What’s at stake for LeBron James in the Eastern Conference finals? Only the world, Chico, and everything in it.
James played two of the best minutes the NBA has ever seen to eliminate the Boston Celtics, stopping only long enough to kneel on the court, to take a moment to appreciate all that he had accomplished in overcoming his bitter rivals. The only problem, of course, is that he is still just halfway to a title. Derrick Rose and the Chicago Bulls are capable of evaporating everything James has earned in the past 48 hours – confidence, peace of mind, a feeling of accomplishment, validation for his decision to leave Cleveland, a rush of popularity – by defeating the Heat. If James doesn’t emerge from this summer with a ring, he’ll be back at square one, hearing the same old boos and answering the same old questions he dealt with all season long.
This all-or-nothing conundrum probably isn’t fair to James but he should be used to it by now. He has demanded attention since he was in high school. He has ascended to the pinnacle of his sport, the undisputed best all-around player in the NBA. He’s even made it to the Finals before. None of that has mattered to his critics. And, we came to find out last summer, to him either.
Winning his first championship -- with others to follow -- was his stated goal. He’s reiterated multiple times over the past week that the Celtics helped inspire his decision to team up with Dwyane Wade and Chris Bosh. He couldn’t beat Boston alone, he admitted. Securing the best shot to climb the mountain won out over hometown loyalty, the biggest paycheck and any other factors. That’s the narrative he’s crafted, that's the script he's reading from.
|Eastern Conference Finals: Heat vs. Bulls|
The Heat envision themselves as the future of the NBA, the axis that everyone else spins around, the epicenter of both cool and success, a dynasty in the making. In James' mind, he's the protagonist always.
A loss to the Bulls, then, would amount to an identity crisis. Being beaten by a team with just one All-Star? A team that had won one playoff series in the past 12 seasons combined? It would be not only an embarrassment but also worrisome. Chicago’s core is set in place for the foreseeable future. Their coach is one of the most widely respected in the game. They’re deep, disciplined and hard-working. They’ve got big city cachet and an instant likeability among both casual fans and basketball purists. The Heat would be set back, back to being the villains, back to being the foils.
Wade already has a ring to console himself. Bosh has admitted to being in a bit over his head already during the playoffs, so he would be able to rationalize away such a loss. Coach Erik Spoelstra has demonstrated an ability to maintain a long-term perspective through adversity, so he’d be alright in the event of a loss too. He would beat himself up but then realize that there are plenty more opportunities ahead. Pat Riley has so much hardware and such a great tan nothing really matters at this point of his career, at least not comparatively.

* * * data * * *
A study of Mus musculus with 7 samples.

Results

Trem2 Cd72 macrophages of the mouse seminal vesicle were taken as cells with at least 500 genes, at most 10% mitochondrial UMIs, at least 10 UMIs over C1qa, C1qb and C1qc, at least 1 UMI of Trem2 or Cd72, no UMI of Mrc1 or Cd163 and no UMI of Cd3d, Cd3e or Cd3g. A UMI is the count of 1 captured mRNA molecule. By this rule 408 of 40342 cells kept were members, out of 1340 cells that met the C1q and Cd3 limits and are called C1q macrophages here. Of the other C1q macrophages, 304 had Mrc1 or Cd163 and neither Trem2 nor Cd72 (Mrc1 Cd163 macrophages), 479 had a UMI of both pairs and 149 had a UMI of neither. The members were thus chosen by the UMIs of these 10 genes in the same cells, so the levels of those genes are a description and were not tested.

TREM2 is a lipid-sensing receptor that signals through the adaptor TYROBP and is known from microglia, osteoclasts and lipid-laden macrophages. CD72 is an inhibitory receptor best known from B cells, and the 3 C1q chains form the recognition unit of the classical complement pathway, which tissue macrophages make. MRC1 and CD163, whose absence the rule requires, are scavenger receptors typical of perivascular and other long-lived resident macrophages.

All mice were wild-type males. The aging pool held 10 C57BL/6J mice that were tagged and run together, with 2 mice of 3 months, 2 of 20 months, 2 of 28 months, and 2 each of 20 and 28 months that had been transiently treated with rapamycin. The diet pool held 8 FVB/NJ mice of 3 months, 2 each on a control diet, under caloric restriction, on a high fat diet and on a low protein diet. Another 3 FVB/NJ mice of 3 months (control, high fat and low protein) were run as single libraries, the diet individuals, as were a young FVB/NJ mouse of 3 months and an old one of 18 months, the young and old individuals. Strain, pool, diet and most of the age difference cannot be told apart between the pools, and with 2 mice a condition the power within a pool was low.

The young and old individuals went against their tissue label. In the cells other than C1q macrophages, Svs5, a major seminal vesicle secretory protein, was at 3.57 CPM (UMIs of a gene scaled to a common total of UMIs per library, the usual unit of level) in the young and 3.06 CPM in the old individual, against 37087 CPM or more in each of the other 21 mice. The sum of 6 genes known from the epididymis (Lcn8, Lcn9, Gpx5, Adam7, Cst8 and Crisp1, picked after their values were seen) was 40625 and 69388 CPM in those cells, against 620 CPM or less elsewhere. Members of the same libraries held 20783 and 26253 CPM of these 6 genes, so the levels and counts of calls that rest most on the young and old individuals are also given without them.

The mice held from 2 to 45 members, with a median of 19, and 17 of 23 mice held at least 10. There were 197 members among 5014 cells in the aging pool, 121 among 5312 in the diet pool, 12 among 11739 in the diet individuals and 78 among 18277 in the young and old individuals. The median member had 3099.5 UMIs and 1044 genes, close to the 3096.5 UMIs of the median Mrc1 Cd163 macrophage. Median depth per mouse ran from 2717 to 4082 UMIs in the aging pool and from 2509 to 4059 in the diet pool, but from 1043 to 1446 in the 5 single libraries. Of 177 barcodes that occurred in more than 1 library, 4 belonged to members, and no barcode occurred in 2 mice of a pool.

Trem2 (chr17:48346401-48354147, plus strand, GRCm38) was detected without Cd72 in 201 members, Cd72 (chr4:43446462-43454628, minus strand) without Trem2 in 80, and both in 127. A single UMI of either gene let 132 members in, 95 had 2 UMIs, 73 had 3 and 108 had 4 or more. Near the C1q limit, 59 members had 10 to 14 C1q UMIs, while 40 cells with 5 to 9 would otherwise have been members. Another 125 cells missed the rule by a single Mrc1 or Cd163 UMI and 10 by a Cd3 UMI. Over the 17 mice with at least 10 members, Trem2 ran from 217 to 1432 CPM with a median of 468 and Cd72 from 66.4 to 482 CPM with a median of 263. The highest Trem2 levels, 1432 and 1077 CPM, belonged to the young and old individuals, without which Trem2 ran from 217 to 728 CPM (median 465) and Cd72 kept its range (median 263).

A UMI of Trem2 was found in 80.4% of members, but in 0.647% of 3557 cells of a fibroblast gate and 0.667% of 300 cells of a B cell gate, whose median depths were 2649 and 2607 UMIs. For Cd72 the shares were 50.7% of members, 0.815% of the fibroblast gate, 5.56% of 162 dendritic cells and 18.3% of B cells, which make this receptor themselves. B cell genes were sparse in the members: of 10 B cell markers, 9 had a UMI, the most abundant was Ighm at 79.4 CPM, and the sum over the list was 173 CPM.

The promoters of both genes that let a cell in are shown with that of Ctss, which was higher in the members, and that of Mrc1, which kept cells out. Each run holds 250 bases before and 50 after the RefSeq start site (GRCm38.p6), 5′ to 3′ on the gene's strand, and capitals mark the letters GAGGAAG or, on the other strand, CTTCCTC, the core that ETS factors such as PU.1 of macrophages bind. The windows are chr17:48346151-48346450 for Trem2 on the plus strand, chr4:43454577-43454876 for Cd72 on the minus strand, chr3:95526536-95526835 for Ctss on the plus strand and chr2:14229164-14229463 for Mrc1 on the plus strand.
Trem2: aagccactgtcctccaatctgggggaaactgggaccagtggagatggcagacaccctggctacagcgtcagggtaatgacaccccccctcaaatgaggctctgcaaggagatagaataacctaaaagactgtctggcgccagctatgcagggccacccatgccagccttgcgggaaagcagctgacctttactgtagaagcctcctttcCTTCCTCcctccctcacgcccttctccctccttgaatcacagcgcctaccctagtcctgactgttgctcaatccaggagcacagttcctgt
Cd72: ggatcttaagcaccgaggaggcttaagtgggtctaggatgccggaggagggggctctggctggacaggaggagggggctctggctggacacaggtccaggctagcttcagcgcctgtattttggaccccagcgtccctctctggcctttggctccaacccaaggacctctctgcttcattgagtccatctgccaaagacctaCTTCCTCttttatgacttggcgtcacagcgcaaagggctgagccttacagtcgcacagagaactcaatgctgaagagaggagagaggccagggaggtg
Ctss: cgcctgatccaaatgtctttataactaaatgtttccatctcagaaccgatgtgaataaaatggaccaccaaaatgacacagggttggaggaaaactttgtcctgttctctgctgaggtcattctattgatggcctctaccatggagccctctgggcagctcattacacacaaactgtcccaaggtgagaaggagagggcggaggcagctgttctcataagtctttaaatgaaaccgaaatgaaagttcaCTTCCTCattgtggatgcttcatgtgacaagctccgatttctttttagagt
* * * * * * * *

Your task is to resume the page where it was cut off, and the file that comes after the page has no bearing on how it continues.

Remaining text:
But James? James would be out of excuses for another year. Left to walk off the court in defeat, his team’s roster-building ability in the hands of the NBA’s new Collective Bargaining Agreement, his reputation as a player that can’t get it done extended for at least another 12 months. Self-doubt would be back in a big way, the team's top-heavy approach would be questioned, he would have to hit the recruiting trail hard, hoping that the league's elder statesmen could be convinced to sign up at the minimum salary to help him win his ring. Would James have the stomach for all that? The patience? The composure?
He’s been the best player in this year’s playoffs, averaging 26.1 points, 9.4 rebounds, 4.9 assists, 1.3 blocks and 1.3 steals while playing more than 43 minutes a night. He’s been clutch. He’s been steady. He’s even been newly flexible, allowing Wade to carry the load when he has it going. He’s shown an admirable commitment to the boards. His level of focus this year is as laser-like as we’ve ever seen, his intensity the exact opposite of what it was a year ago.
To imagine all of those things wiped away by four losses, just as the vast majority of his previous playoff heroics have been forgotten because he hasn’t secured a title, is a difficult proposition so soon after the triumph over Boston. But that’s what happens if the Bulls win. The pendulum swings that hard. It's happened before, and it’s inevitable.
This might not be his best shot and it certainly won't be his last shot. But, given the remaining teams left in the field, this is a very, very, very good shot. Once Game 1 tips, he, more than anyone else, will be expected to deliver.
And that’s why the Eastern Conference finals – and the NBA Finals too -- mean more to James than anyone else. His career, reputation, personality and trajectory are subject to a total redefinition and reevaluation with eight more wins. That's why James has the most at stake. Nobody else is a close second.